The Fildes Peninsula on King George Island in Antarctica is unique in that it is home to a number of research bases that have been permanently occupied since the 1960s. Over time, air traffic, heavy vehicle traffic (trucks, tractors, etc.) and fossil fuel power generation have taken their toll on the otherwise pristine ecosystems of the region.
Dermot Antoniades, a professor in the Geography Department at Université Laval and a member of the Centre for Northern Studies (CEN), is particularly interested in the surrounding lakes, which are also being affected by global warming. The researcher and his team hope to differentiate the effects of changes attributable to local human activities from those of climatic origin.
To do this, they sampled seven lakes, focusing on two that are located near Antarctic bases and a third that is far from them (control). The conductivity and pH of their waters were measured. In particular, sediment cores were extracted from the lakes in order to reconstruct a timeline. The aim was to compare recent biotic conditions with those that prevailed before the arrival of humans.
The ecosystems of the lakes near the bases were found to be more disturbed than that of the control lake. The concentrations of certain heavy metals, such as zinc, are higher. Their populations of diatoms—photosynthetic microalgae living in the water—show recent increases in reproductive deformities, which is known to be a response to pollution stress. These changes are circumstantial evidence of the impact of human activity in the region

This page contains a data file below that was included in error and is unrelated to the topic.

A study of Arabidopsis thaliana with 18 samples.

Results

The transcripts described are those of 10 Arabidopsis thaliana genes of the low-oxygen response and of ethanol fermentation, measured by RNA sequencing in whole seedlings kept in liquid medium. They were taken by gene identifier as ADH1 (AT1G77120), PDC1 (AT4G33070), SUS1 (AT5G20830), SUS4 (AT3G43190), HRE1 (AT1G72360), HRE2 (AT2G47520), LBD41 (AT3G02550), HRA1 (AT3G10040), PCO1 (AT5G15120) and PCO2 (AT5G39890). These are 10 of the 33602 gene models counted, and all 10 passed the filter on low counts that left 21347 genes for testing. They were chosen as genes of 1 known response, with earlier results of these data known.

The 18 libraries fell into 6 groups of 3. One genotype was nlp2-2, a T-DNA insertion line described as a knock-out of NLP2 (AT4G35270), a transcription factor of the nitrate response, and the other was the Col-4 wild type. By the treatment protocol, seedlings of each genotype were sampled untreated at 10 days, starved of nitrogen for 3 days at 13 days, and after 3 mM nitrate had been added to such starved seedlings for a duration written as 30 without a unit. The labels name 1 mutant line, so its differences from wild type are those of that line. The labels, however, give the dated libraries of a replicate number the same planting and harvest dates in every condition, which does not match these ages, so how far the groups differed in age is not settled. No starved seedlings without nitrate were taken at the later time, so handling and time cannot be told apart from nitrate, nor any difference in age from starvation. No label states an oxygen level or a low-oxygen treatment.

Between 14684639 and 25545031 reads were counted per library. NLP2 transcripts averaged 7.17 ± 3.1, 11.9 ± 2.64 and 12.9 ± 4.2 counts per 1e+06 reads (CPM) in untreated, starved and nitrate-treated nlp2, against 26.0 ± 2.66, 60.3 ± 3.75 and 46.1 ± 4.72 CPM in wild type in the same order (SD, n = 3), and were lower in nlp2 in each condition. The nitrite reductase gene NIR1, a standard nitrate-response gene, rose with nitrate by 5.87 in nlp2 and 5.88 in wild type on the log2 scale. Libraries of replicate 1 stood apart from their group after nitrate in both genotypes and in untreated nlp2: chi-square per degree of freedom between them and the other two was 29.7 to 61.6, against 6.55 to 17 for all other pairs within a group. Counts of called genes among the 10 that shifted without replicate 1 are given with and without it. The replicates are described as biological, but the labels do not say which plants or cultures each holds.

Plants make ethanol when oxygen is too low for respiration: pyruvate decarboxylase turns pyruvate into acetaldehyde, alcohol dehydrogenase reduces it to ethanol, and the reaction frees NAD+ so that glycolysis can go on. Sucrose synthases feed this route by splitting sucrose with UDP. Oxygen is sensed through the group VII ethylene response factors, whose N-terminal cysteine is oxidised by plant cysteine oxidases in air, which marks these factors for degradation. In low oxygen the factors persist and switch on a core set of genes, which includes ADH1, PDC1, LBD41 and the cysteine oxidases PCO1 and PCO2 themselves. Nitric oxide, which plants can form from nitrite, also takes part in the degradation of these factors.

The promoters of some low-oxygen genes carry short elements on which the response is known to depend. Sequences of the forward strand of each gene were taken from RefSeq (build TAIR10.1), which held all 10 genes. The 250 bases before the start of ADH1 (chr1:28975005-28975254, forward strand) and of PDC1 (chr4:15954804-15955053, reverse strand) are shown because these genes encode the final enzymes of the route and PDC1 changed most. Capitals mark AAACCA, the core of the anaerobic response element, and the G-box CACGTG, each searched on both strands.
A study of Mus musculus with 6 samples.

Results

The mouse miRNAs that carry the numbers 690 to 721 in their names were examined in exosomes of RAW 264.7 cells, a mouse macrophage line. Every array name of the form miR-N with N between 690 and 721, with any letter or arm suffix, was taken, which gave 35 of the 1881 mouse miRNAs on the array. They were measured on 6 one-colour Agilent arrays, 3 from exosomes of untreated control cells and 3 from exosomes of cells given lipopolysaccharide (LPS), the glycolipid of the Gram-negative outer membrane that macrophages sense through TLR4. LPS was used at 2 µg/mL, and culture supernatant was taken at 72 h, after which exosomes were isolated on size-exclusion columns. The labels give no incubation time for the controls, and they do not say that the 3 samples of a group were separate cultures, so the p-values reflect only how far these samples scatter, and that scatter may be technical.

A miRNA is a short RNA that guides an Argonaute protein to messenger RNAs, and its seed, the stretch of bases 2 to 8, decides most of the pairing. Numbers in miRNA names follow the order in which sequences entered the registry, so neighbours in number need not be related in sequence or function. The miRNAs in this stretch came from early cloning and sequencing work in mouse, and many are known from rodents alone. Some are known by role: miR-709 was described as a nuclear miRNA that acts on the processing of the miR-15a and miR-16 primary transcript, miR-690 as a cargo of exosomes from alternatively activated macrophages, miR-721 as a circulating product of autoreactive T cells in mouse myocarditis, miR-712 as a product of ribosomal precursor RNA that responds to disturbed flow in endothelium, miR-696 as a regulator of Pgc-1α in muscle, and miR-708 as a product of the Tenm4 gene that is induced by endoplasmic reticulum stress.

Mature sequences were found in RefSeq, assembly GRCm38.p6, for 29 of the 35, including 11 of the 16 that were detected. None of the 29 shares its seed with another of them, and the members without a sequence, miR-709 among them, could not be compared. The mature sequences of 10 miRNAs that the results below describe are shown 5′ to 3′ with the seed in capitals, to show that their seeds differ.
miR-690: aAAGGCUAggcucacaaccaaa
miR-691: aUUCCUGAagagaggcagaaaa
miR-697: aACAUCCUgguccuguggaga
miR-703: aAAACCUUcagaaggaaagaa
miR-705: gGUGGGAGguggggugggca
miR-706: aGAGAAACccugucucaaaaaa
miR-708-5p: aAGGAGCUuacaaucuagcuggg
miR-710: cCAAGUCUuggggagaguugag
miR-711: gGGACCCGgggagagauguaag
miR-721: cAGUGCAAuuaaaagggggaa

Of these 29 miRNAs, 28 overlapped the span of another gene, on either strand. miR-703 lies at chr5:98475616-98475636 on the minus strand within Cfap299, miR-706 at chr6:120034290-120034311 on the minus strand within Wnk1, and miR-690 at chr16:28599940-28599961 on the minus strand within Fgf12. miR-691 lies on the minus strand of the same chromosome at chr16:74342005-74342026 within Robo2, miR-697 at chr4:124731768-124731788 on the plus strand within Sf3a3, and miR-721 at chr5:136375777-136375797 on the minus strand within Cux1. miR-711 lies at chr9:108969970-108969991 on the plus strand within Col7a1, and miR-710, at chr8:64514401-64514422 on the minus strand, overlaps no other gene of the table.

These results are helping to raise awareness among the occupants of the various bases—from Chile, Uruguay, Argentina…—of the effects of fossil fuel use and suggest that the use of non-polluting renewable energies could prevent the negative consequences that research bases or any other development in polar environments have on ecosystems. These data can be applied to Quebec’s subarctic and arctic regions, where economic development projects are underway or on the drawing board.